File photo of Mark Zuckerberg
Facebook's IPO, expected to be completed around May, will likely be the biggest initial U.S. offering of stock from an Internet company. REUTERS

Facebook Inc. will pay a 1.1 percent fee to underwriters of its initial public offering, or about half the average fee for deals of $10 billion during the past five years, according to Dealogic, which tracks securities offerings.

The low fee reflects the prestige value of the deal, according to the Wall Street Journal.

Facebook is seeking to raise $5 billion in an IPO managed by 31 banks, including lead underwriters Morgan Stanley, J.P. Morgan Chase & Co., Goldman Sachs Group Inc., Bank of America Corp., Barclays PLC and Allen & Co. It's expected to be the largest IPO of an Internet company to come to market in the United States. The offering is expected to be completed around May.

Jonathan Thaw, a spokesman for the Menlo Park, Calif., company, declined to comment on banker fees, according to Bloomberg News, which earlier reported the news. In a regulatory filing this month, Facebook said it received an $8 billion package of financing, including a five-year, $5 billion revolving credit line and a 364-day, $3 billion bridge loan. It also named 25 additional underwriters.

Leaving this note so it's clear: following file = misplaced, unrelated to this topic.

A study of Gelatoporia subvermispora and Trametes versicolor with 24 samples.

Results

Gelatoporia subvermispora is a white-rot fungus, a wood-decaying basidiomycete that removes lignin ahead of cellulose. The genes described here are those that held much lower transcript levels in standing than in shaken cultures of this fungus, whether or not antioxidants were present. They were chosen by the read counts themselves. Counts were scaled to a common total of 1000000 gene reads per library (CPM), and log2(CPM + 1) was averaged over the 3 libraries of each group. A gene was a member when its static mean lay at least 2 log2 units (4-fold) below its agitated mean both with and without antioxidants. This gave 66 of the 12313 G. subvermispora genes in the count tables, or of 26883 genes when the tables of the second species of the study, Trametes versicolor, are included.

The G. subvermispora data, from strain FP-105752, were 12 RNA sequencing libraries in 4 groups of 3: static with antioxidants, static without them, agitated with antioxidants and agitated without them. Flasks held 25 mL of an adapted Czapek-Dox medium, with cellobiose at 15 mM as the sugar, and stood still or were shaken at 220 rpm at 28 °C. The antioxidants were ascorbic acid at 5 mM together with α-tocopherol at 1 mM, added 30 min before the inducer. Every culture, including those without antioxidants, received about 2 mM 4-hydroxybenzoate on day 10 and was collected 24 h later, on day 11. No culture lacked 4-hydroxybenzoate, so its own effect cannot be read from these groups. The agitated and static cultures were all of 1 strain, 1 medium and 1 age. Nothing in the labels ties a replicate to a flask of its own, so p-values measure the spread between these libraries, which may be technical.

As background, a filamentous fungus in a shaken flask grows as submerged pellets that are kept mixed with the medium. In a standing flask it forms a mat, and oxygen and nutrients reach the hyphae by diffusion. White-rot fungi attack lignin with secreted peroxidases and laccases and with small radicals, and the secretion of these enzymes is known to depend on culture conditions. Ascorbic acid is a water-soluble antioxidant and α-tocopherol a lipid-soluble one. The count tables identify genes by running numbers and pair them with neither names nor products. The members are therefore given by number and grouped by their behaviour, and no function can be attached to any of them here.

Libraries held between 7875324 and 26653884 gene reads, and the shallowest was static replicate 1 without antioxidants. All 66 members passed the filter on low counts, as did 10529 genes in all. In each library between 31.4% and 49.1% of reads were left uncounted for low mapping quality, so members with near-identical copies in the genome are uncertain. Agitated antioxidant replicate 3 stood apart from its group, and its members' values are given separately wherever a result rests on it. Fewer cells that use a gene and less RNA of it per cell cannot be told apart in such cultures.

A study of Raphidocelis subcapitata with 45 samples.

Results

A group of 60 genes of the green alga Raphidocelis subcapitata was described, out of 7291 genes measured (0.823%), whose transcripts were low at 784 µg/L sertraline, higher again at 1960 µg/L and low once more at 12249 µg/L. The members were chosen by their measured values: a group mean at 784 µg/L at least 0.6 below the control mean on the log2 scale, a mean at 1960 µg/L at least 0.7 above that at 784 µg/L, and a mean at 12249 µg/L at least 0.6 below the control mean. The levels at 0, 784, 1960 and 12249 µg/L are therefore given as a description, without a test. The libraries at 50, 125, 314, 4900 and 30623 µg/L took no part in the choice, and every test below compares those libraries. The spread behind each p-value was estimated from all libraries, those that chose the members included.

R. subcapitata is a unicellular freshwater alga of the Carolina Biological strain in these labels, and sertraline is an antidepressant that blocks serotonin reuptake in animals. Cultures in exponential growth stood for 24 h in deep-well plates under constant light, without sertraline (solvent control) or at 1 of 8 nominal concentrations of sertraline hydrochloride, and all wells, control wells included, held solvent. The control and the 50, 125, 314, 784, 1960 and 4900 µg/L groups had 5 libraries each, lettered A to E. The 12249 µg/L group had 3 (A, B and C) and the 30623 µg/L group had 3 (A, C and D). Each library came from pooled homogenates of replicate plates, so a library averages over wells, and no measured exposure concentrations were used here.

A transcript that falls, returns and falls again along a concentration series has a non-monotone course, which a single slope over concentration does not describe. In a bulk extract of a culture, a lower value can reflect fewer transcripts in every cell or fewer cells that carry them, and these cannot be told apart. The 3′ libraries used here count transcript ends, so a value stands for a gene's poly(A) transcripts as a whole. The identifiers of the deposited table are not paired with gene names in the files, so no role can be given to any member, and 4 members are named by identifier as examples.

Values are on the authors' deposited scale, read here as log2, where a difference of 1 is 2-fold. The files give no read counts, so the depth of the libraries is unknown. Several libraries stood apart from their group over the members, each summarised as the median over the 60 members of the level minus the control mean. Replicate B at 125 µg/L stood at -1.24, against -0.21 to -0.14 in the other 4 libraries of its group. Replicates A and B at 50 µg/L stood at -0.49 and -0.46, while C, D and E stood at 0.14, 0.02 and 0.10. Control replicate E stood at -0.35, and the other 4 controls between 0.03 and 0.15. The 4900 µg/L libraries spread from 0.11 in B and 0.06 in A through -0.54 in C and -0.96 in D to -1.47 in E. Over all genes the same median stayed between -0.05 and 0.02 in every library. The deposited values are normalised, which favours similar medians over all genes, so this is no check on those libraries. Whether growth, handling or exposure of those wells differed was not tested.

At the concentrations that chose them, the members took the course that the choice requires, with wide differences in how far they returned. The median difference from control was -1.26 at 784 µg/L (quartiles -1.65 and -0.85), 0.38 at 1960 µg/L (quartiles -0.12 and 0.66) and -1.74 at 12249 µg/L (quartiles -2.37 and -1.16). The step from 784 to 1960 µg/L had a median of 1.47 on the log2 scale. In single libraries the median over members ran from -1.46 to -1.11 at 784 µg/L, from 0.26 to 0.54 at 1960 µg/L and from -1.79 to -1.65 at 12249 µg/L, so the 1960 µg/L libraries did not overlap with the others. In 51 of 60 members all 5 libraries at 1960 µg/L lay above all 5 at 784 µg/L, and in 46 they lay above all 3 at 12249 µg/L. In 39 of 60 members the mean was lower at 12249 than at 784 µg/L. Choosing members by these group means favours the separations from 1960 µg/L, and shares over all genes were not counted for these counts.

While a fee of 6 percent to 7 percent is more typical for such deals on Wall Street, according to Reuters, in addition to the prestige factor, bankers also may be willing to take a lower cut on the high-profile IPO in hope of generating future business.

Senior Facebook executives met Monday with analysts and bankers in Menlo Park, according to various news reports. CEO Mark Zuckerberg, who isn't expected to go on the road to help sell the social-networking site to potential investors, didn't attend the meeting.

David Ebersman, the company's chief financial officer, told those present at the 3 1/2-hour meeting that Zuckerberg prefers to focus on developing Facebook's service. The meeting was intended to let analysts ask questions that potential investors might have about the offering.

Two people in February told Bloomberg that Facebook's banks could collect a fee of 1 percent to 1.5 percent from the IPO.